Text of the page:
Results from 2008

Within this section…



Sediment nutrient concentrations in the Whangarei harbour, Kerikeri inlet and to a lesser extent the Ruakaka estuary were high in comparison to concentrations recorded in similar monitoring programmes elsewhere in New Zealand. They were at levels that suggest these systems are ‘enriched'. Nutrient enrichment can lead to excessive plant growth, which can in turn cause a rapid reduction in water quality, harmful algal blooms, shellfish contamination, fish kills and a reduction in the number of species present.


Sediment metal concentrations recorded in the Whangarei harbour, Kerikeri inlet and Ruakaka estuary did not exceed the recommended guidelines in 2008, with the exception of nickel at one site in Kerikeri inlet. However, metal concentrations were generally found to be above levels reported in similar monitoring programmes elsewhere in New Zealand.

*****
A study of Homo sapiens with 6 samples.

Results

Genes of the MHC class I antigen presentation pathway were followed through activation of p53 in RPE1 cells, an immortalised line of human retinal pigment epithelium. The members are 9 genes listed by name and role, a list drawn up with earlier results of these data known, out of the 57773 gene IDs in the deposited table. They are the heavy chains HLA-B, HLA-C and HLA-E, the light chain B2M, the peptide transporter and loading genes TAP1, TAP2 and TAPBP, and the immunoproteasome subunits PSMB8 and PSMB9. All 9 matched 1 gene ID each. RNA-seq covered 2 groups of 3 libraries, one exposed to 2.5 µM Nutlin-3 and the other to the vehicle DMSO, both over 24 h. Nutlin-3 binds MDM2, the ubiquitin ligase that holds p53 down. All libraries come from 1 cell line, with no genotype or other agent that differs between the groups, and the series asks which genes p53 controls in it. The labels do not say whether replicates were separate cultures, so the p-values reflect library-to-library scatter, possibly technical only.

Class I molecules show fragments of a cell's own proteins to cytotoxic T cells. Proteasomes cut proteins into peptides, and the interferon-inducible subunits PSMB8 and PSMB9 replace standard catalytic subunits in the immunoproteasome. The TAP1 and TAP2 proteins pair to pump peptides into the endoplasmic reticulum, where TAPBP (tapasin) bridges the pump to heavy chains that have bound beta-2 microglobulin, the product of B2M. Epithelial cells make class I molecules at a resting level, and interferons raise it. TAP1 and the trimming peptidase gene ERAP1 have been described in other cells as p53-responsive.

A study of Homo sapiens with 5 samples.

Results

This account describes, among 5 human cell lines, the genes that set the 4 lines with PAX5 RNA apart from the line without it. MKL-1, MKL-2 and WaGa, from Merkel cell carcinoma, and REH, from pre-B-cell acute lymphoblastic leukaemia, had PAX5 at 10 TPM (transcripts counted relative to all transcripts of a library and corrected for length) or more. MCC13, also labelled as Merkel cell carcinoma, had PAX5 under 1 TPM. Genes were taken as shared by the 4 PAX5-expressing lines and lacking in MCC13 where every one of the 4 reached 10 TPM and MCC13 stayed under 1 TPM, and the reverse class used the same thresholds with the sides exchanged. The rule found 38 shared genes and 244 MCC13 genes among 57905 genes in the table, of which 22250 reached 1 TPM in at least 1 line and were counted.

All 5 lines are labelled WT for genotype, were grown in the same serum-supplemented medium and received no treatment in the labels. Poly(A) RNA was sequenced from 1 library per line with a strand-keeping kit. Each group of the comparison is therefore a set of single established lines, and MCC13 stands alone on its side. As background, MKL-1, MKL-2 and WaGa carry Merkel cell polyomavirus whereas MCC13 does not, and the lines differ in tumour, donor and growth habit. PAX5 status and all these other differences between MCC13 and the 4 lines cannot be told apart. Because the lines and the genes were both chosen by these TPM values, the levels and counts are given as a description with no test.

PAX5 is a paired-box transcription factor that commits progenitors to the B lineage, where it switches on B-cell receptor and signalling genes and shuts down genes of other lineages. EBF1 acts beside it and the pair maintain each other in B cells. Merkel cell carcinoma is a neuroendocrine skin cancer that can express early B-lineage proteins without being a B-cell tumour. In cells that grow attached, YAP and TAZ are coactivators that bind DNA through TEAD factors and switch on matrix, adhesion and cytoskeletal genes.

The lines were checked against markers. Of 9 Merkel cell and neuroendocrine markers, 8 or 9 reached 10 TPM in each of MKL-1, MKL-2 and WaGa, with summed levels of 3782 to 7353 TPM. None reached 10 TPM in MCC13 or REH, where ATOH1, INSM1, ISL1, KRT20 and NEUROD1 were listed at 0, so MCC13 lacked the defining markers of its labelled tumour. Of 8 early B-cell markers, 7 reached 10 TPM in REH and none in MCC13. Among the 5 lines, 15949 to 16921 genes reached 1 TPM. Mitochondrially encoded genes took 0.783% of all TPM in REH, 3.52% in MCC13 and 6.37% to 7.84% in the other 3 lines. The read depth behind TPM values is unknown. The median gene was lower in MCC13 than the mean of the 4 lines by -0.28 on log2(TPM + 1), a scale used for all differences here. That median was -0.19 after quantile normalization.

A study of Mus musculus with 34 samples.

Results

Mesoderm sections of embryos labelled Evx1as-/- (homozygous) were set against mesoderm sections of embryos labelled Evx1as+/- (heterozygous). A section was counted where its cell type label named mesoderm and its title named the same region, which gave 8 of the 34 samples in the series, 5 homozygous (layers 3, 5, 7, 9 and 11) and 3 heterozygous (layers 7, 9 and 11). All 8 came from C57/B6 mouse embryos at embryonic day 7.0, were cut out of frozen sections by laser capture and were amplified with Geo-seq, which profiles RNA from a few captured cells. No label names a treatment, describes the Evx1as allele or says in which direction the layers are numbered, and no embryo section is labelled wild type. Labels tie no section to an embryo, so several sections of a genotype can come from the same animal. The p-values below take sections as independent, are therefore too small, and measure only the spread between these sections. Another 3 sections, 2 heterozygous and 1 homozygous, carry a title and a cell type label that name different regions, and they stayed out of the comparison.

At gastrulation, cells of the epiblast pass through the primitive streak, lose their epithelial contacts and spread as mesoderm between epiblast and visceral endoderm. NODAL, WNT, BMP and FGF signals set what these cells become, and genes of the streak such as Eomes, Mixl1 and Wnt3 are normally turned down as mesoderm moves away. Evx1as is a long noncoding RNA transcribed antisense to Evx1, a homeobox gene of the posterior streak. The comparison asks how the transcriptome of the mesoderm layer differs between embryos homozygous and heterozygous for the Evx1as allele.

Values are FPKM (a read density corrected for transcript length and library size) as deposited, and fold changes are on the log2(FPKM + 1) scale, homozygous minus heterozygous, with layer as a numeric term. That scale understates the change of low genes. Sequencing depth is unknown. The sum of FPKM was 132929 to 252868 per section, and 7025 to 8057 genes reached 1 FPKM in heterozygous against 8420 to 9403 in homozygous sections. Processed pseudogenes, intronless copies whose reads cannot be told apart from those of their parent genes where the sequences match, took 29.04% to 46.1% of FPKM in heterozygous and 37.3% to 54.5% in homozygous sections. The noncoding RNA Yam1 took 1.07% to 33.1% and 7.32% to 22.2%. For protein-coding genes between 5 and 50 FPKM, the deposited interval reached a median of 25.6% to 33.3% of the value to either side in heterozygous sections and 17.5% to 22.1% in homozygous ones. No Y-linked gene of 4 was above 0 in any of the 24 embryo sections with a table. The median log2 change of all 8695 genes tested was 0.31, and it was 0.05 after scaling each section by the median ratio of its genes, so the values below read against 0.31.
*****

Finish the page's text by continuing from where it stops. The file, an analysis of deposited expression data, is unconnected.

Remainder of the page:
In the Ruakaka estuary, concentrations of zinc and lead were relatively high for an estuary with a largely rural catchment. Runoff from roading, urban areas, agricultural and horticultural land, and stormwater discharges are all likely sources of metal contamination in these catchments.

Sediment runoff into Whangarei Harbour.

Photo: Sediment runoff into the Whangarei harbour

Biological Communities

Initial results from the three estuaries sampled in 2008 indicate that the biological communities have been negatively affected by human activity.

The biological communities at each monitoring site were found to be distinctly different from each other and there is evidence to suggest that these communities have been influenced by human disturbance.

The abundance of ‘sensitive' species (those sensitive to human disturbance) was generally lower at sites where concentrations of metals and nutrients were found to be raised. On the other hand, species that are tolerant to human disturbance were generally more abundant at these sites.

Aerial view of Ruakaka estuary.

Map: The image (above) shows the extent of the Ruakaka estuary. The dots depict the two sites where samples are taken.